Do You Need An Access Control System In Your Workplace?

January 23, 2019 Blog 0 Comment

Regardless of how frugal you are, the security measures of your business should not be one of the sectors to fall under your cost-cutting knife. After all, what little money you manage to save from a cheap security system will not be enough to offset how much you will lose from a burglary that succeeded because of your workplace’s weak security. On the other hand, one should still spend their budget wisely even when it comes to security, as quite a bit of the money you spend on a modern security system will go into additional features that, in your use case, you might not actually need.

For burgeoning business owners, there are a wide variety of security systems available on the market that can even be purchased off the shelf. From electronic alarms to CCTV surveillance systems, the sheer number of available options to choose from can be a bit daunting. In this article, we will be talking about electronic access control systems, and whether or not the functions and features they have on offer are worth the investment for your particular business.

Before anything else though, let us talk about what an electronic access control system even is. The idea behind access control is a bit similar to a system of doors and locks – that is, you have door locks installed into certain doors that require certain keys to open. In an electronic access system, the parallel to these physical keys are electronic keycards, which are built in with a chip that can store data such as its authorisation level and details about its cardholder. Such a setup offers various benefits for the workplace, which we will detail below:

Easy Installation and Setup

Electronic access control systems generally consist of three main components: electronic locks that are attached to doors, card readers that work in conjunction with the locks, keycards, and a central computer that tracks the statuses and interactions between the keycards and door locks. Besides the main computer, the components of the electronic access control system are small and light, allowing for flexible setups in various types of workplace layouts.

On top of that, though, there are what are known as wireless electronic access control systems. Unlike the traditional setup, the electronic door locks and card readers communicate with the central computer using low-power WiFi or Bluetooth technology, which allows the locks to operate on battery power for several weeks at a time. Such a feature makes these systems trivial to install in all sorts of setups, especially in spaces in which the layout cannot be altered to accommodate additional wiring, such as in older architecture where altering the walls can damage the building’s structural integrity.

Strong Protection against Security Threats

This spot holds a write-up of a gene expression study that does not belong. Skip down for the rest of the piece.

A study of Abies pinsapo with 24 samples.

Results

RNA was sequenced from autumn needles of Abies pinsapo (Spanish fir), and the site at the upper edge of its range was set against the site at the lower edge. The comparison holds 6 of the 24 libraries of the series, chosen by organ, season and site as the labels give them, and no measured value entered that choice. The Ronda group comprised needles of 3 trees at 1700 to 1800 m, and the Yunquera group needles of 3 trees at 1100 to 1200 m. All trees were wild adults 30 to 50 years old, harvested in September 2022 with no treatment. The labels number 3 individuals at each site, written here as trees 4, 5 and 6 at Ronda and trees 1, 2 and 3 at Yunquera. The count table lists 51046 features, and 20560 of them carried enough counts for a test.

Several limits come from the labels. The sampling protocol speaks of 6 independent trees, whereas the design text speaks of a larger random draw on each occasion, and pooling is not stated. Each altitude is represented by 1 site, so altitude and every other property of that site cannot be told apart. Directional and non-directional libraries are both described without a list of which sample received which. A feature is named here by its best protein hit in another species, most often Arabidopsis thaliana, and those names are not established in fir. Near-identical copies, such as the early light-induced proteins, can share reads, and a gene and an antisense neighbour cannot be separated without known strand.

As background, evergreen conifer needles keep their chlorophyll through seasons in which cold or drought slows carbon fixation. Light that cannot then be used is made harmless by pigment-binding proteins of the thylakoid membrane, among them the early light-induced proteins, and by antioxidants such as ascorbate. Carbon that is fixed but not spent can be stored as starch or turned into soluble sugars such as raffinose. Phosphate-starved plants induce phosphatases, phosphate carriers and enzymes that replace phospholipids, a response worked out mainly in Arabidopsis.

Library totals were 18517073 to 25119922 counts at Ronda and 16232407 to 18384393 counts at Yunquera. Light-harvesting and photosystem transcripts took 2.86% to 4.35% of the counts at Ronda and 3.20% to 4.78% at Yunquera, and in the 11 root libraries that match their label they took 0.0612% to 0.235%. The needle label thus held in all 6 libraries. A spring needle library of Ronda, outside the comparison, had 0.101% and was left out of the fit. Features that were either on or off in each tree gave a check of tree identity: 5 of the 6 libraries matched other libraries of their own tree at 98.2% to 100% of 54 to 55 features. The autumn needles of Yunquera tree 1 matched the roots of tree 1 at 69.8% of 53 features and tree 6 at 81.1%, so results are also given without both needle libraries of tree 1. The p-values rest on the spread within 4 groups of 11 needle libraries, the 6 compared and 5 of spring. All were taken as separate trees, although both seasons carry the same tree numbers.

Modern electronic access control systems are closed-ended; that is, it only allows communications between components it is authorised to work with, blocking out all other components that do not meet that requirement. This ensures a higher degree of security for both employers and employees, as the access control system can be configured to prevent intruders, unauthorised visitors, or other unwanted people from accessing critical areas of the workplace or even the front door if needed.

Now, you might be thinking of some possible security loopholes that may arise from such a setup. For example, what would happen if a keycard held by an employee with a high level of authorisation was lost? That won’t be an issue as the authorisations coded into any missing keycard can easily be revoked with a few simple clicks into the central computer, and all of the electronic locks in the system will instantly update in accordance to the new settings.

What about guest keycards, you might ask? Well, the central computer can also encode a minimum authorisation level to a certain keycard that will prevent access to all parts of the workplace except for areas configured to be okay for guests, such as company conference halls or meeting rooms. And when the guest leaves the company premises, the cards can just as easily be wiped of their authorisation, disabling their functions unless authorisations are enabled again later.

Flexible Integration with Other Systems

One of the most useful features of electronic access control systems is its ability to work with other security measures to create a unified and more effective security system. For example, certain workplace alarms can be wired to be set off when the central computer of the electronic access control system when it detects a security breach. Surveillance cameras can also be used to track and identify intruders in such cases, aiding law enforcement in gathering information about said intrusion, or command the electronic locks to enter a lockdown state if the cameras detect suspicious activity.

Lower Maintenance and Upkeep Costs

For a lot of businesses, especially small ones, money that can be set aside for investing in security is often a bit tight. And yes, electronic access control systems can get rather expensive, especially when we consider its up-front cost. However, much of the value of this type of security system is found in the long term. With all things considered, electronic access control systems are much cheaper than hiring security guards over a longer period of time. On top of that, these systems are often optimised for efficiency and ease of use, so most people will be able to operate and perform basic maintenance on the system (such as swapping out batteries on wireless electronic door locks) without the need fora high level of technical knowledge – and if you are faced with a broken system, most electronic access control systems on the market give you access to their technical support network that you can reach by phone or email so issues can be resolved quickly.